Choose Your Sink Carefully To Prevent Splashing
If your new kitchen faucet is sending water splashing everywhere, it's not defective -- it's just likely either too tall or too strong. While there's no set formula for choosing a new kitchen sink that won't splash, there are ways to lessen or stop the splashing. Obviously, you can change out the entire faucet too, but try these tactics first to save yourself the trouble.
Flow Rate and Velocity
Reducing the flow rate and amount is a common way to stop splashing. Lots of water coming out of the faucet very quickly will hit the sink hard, causing droplets to ricochet out onto the counter. Retrofit your faucet so the flow is slower, like 1.5 gpm. If that doesn't work, see if the faucet has an aerator. These are questionable in terms of stopping splashing; Lacava says an aerator will slow down water flow, but Attic Mag says the aerator will speed things up. If you have an aerator, try replacing it with a laminar insert; if you don't have an aerator, try installing one.
Hitting the Spot
Where the water hits in the sink is an issue, too -- if it hits the side of the drain, for example, that can create splashing. Try moving the water stream around to find spots where there's no splashing. Surprisingly, adding a sink grid might help. The grid can break up the water stream and slow it down. Of course, if the water hits the grid at just the right spot, it could send water flying.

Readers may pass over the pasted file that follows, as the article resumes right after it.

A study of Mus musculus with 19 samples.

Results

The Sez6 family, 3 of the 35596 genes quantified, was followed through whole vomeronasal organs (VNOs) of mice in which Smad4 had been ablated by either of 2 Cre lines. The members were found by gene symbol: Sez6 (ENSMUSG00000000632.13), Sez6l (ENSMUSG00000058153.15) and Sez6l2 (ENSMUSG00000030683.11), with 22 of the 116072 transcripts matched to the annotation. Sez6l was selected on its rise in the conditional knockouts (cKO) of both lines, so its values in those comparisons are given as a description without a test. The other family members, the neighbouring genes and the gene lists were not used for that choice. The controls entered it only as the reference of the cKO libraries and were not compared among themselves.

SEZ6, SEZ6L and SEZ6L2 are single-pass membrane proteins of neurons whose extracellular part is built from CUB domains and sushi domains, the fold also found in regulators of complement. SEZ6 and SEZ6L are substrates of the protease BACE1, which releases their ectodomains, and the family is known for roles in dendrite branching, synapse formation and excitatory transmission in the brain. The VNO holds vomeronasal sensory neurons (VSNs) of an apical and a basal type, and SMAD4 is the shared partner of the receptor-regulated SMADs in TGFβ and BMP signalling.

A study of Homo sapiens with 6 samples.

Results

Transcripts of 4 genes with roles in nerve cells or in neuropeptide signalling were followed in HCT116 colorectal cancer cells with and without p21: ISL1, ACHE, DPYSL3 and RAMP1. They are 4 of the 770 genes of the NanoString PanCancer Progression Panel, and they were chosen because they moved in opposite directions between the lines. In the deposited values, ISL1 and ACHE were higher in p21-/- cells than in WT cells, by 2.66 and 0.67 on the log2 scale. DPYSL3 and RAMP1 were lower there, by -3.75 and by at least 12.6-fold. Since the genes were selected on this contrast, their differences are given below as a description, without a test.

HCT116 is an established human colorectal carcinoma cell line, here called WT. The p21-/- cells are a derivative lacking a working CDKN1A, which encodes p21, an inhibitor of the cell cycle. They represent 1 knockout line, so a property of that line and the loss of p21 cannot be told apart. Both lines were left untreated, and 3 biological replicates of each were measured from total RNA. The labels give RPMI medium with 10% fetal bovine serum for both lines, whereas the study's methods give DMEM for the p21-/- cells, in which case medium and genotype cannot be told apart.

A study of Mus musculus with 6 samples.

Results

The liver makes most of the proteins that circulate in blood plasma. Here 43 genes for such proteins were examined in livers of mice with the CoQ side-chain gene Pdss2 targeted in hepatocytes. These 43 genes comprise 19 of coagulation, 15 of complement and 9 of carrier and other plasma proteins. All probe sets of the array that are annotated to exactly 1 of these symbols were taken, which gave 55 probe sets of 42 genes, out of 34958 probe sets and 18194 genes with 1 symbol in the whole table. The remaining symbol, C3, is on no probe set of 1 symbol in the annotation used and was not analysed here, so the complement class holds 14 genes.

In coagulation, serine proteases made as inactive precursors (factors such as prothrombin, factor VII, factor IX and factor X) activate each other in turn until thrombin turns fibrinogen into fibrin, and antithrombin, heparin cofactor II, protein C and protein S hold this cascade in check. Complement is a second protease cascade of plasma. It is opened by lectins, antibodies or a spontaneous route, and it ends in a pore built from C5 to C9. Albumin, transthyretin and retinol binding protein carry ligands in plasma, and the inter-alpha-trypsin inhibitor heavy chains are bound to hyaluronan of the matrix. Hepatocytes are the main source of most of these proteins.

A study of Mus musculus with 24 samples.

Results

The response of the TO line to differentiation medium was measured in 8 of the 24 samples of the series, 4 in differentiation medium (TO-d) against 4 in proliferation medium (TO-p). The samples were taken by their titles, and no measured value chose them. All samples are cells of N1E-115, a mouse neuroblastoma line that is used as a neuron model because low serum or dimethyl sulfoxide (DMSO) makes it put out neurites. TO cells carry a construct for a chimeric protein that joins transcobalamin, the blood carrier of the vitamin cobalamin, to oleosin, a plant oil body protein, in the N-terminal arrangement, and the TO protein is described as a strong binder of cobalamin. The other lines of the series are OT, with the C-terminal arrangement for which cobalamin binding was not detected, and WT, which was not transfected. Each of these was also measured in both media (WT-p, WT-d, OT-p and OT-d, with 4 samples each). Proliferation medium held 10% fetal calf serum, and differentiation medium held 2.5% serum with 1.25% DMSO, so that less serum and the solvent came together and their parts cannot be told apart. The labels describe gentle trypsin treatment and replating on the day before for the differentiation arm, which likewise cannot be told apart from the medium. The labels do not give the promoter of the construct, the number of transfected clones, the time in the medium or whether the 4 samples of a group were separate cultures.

If all else fails and you have to get a new faucet, go for practical considerations like the height instead of looking at fashion. If you have an older, relatively shallow sink, do not get a tall faucet. For example, Lacava advises using a standard-sized faucet, rather than a vessel-sink type or tall arch-type, for sinks that are less than 4 inches deep. If you remember the faucets you or your parents had in the 1980s and 1990s -- the flatter ones that didn't really arch -- try those. Faucets that send out water from far above the sink need deeper sinks to contain splashing. Also be sure the faucets have lower flow rates if the sink is shallow.
In the meantime, try to position the faucet so that the water hits the curve where the base of the sink starts to turn into the wall. That can often stop a lot of splashing, but it won't work for all your needs -- that brings the water too close to the wall and limits the space you have under the stream. But it should help until you can get a new faucet installed.
For more advice, speak with an expert like those at Gopher Plumbing Supply.